The King's Speech

September 12

October 20, 2019

The Yard at Chicago Shakespeare

by David Seidler
directed by Michael Wilson

A Scholar’s Perspective

By Stuart Sherman, Professor of English at Fordham University

Like most events in our lives, theatrical performances tend to catch us mid-aspiration. Day and night, at whatever level of consciousness, we spend much of our time hoping to do better, either at something (tennis, piano, cooking, chess) or as something (friend, parent, earner, lover, spouse…).

Good plays work this truth for all it’s worth. They place ardent aspirers upon the stage, confident that we, possessed by our own hopes of betterment, will find identification near-irresistible. Think of Eliza Doolittle, heroically rounding her vowels and hardening her h’s in Pygmalion and My Fair Lady.

In The King’s Speech, playwright David Seidler plucks a kindred story from relatively recent history, and stages it with several twists. His protagonist—Albert (“Bertie”) George (1895–1952): Duke of York, a stammerer since childhood, and second son to the King of England, George V—begins by resisting aspiration at every turn. Birth order will secure him from becoming king, and he regards his stammer as beyond repair.

Nonetheless, a repairman cometh: Lionel Logue, a commoner with his own complicated history of aspiration. A failed actor, he now earns a living teaching others to improve their speech. Under Logue’s sturdy, quirky influence, Albert, still resistant, feels the pull of aspiration. The process and the prospect of improvement begins to fascinate him. The men converge in a fraught and halting dance of self-remaking. And then the Duke has greatness thrust upon him: when his newly crowned older brother abruptly abdicates, Bertie becomes King George VI.

Theater has always been a particularly potent venue for tracking such transformations, because transformation is its core M.O. Actors are always assuming new roles; mastery of speech in may modes is indispensable to their art, and we remain at least subliminally aware of their self-remaking from the moment they step on stage.

But the particular appeal of The King’s Speech arises in part from the ways it has played its transformations across several media—even, in a way, across media history. What made Albert’s speaking skill historically pivotal was the power of radio, to extend the reach and grasp of those who know how to wield it, and to disgrace and debilitate those (like Albert at the start) who do not.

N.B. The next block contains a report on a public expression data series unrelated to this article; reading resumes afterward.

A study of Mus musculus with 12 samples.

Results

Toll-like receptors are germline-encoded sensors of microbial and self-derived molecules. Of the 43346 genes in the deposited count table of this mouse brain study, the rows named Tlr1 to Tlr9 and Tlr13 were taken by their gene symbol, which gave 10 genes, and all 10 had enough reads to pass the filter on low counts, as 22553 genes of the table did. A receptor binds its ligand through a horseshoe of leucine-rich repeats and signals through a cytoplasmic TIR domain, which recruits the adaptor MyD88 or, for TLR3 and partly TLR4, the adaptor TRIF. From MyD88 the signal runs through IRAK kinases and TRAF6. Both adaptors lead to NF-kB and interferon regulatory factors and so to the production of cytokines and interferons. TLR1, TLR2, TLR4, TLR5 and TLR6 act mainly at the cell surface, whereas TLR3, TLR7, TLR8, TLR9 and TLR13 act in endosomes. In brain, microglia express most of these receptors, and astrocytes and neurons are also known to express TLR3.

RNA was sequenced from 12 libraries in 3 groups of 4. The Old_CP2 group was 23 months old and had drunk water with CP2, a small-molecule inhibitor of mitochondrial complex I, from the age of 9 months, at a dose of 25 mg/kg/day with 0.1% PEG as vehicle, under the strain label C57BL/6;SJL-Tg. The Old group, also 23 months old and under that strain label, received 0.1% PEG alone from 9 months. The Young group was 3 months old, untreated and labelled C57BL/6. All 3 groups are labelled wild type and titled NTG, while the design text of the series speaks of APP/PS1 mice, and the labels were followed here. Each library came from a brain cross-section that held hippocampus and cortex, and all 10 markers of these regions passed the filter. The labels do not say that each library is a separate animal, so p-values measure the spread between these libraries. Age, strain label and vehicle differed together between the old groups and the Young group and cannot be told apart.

Lately, from within our ever-ascending Babel of texts and images, radio can sometimes feel a little ground-floor. The King’s Speech reminds us that in any epoch, the chief medium of the moment matters enormously. Winston Churchill figures here as Albert’s foil, his pointedly effectual opposite: tuba-voiced and fabulously articulate, he, alongside Franklin Roosevelt (and, for that matter, Adolph Hitler), showed in ways unprecedented the power of new media (radio, film), for better and for worse, to change the world.

Our own present-day ways of moving among the different media will matter in this play too. After decades of research, Seidler first drafted it as a play, recrafted it as a film, and the reshaped it once more for the stage. (The scripts thus trace their own long and winding arc of aspiration: the movie secured for Seidler—himself a childhood stutterer—an Academy Award for best original screenplay.)

Plays tend to do transformation differently from movies, partly because, while movies are always fixed and finished products by the time we first encounter them, live performance is intrinsically more open-ended and present-tense. The outcome can feel less inevitable, more precarious, and therefore more involving, as we mesh the characters’ aspirations with our own in real time.

This trick of theater has been in operation a long while. Not for nothing does Lionel Logue, frustrated actor, particularly pride himself on his delivery of the opening monologue from Shakespeare’s Richard III (“Now is the winter of our discontent”), wherein Richard declares to us his ambition to become king, no matter how many murders it will take to get there. That is the play, and this the moment, in which the young playwright seems to have discovered human aspiration as a near-inexhaustible audience attractant, so powerful and pervasive as to eclipse even ordinary morality: for more than half of the play, and through many murders, we’ll find it difficult not to root for Richard as we have, in gentler terrain, for the likes of Eliza Doolittle.

But here again, Seidler tweaks the ancient formula. At the start of Shakespeare’s play, Richard enters and addresses us alone, or, in the initial Latin stage direction, solus: at once solitary and (in the cross-language pun) soulless. The King’s Speech, by contract, remains soulful from start to finish. It entwines two men, a failed player-king and a reluctant real one, within one shared and deepening endeavor. Thanks to theater’s mysterious cohesions, we share in it too. “I’m not what I ought to be,” goes a line that recurs in many Gospel songs, “But I’m not what I used to be.” Playwrights plot their plays, as we our lives, along that arc, and help us travel in good company.